Let's explore circles tangent to two given circles as well as the loci of the centers of the tangent circles. We begin with two arbitrary circles and an arbitrary point X on one of the circles as shown.
The centers of the tangent circles will both lie on a line passing through the center of the circle with X on it and X itself. So we can construct this line. Additionally we construct a circle about point X with the radius of our other given circle. Do you know why?
Do you figure out why we constructed the additional circle? Consider the following: We see that the circle and our line passing through X and the center of its circle intersect twice. If we select the intersection outside of the circle, we can see that we can construct the segment from that point to the center of the smaller circle and use it as the base of an isosceles triangle by taking its midpoint and its perpindicular bisector. Then we find the bisector's intersection with the line from X through its circle's center.
The last point we found is the center of a circle tangent to both of our given circles passing through X, as the following illustration shows.
Click here for GSP tool for this tangent circle.
Consider: is this the only circle tangent to both given circles passing through X? The answer is no. Remember that the circle that we constructed about X had two intersections with the line through X and the center of its circle. Can you construct the other circle tangent to both given circles passing through X?
Click here for GSP tool for the other tangent circle.
Notice that regardless of where X falls on the circle, our constructed circles remain tangent to our given circles. Thus, by tracing the centers of our tangent circles as X moves around its circle we will obtain the loci of the centers of all circles tangent to our given circles. In the following illustration, the light red and light blue curves are the loci. Notice for this case they both are an ellipse.
Click here for GSP file with animation.
We constructed X to be a point on the larger of our two given circles. What if X had been on the smaller circle? Think about this logically. If we are constructing tangent circles, each tangent circle touches the given circles exactly once. Thus, we should be able to do the same construction regardless of the circle upon which X lies. The following illustration shows the tangent circles for two points on the smaller circle.
Just in case you are not convinced that the set of tangent circles is the same as when X was on the larger circle, the following illustration shows the loci of the centers of the tangent circles when X was on the smaller circle. Compare it to the previous loci.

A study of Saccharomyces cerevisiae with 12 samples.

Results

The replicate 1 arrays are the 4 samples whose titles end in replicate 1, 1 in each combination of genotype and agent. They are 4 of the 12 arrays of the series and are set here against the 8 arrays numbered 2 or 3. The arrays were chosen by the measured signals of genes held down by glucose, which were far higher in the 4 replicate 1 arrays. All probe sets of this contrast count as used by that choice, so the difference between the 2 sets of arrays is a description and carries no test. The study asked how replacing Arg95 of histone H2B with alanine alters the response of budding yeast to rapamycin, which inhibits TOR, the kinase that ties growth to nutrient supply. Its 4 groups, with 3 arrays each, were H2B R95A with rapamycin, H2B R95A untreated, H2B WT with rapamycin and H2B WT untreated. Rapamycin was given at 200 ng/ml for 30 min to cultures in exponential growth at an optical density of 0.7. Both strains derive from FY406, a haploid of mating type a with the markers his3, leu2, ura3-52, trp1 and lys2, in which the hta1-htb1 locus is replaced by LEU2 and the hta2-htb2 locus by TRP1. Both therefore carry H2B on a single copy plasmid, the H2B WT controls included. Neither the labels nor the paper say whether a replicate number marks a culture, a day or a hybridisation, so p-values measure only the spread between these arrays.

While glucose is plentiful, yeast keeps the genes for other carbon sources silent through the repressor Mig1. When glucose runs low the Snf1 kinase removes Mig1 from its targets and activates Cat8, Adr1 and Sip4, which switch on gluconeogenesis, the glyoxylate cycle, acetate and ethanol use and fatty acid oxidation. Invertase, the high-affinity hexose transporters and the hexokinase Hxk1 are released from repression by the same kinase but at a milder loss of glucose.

Click here for GSP file with animation.
We constructed our given circles so that the smaller circle was completely inside the larger one. In this case, we observed the loci of centers for both sets of tangent circles were both an ellipse. What happens when are given circles are drawn so that they intersect? The following illustrates one set of tangent circles where the blue circle is contained in both circles, and the red circle is contained only in one of the circles.
Any conjecture on what happens to our tangent circles as the point X respective to each is moved along its circle? What will the loci look like? Examining the GSP animation file, we see that each of our tangent circles "squeezes" through the intersection points. Also notice that the red tangent circle is always external to one circle and internal to the other. The blue tangent circle is either internal to both given circles or external to both. The loci of centers for the set of "red" tangent circles is still an ellipse. However, notice that the loci of centers for the set of "blue" tangent circles is now a hyperbola.
Click here for GSP file with animation.
What about the case where our given circles are disjoint? Here we see two tangent circles for such a case.
Can you guess what the loci of centers for both sets of tangent circles are? From the illustration, we see that both are hyperbolas for this case.
Click here for GSP file with animation.
The following two illustrations again demonstrate that the location of X on one circle or the other does not effect the set of tangent circles.
Click here for GSP file with animation.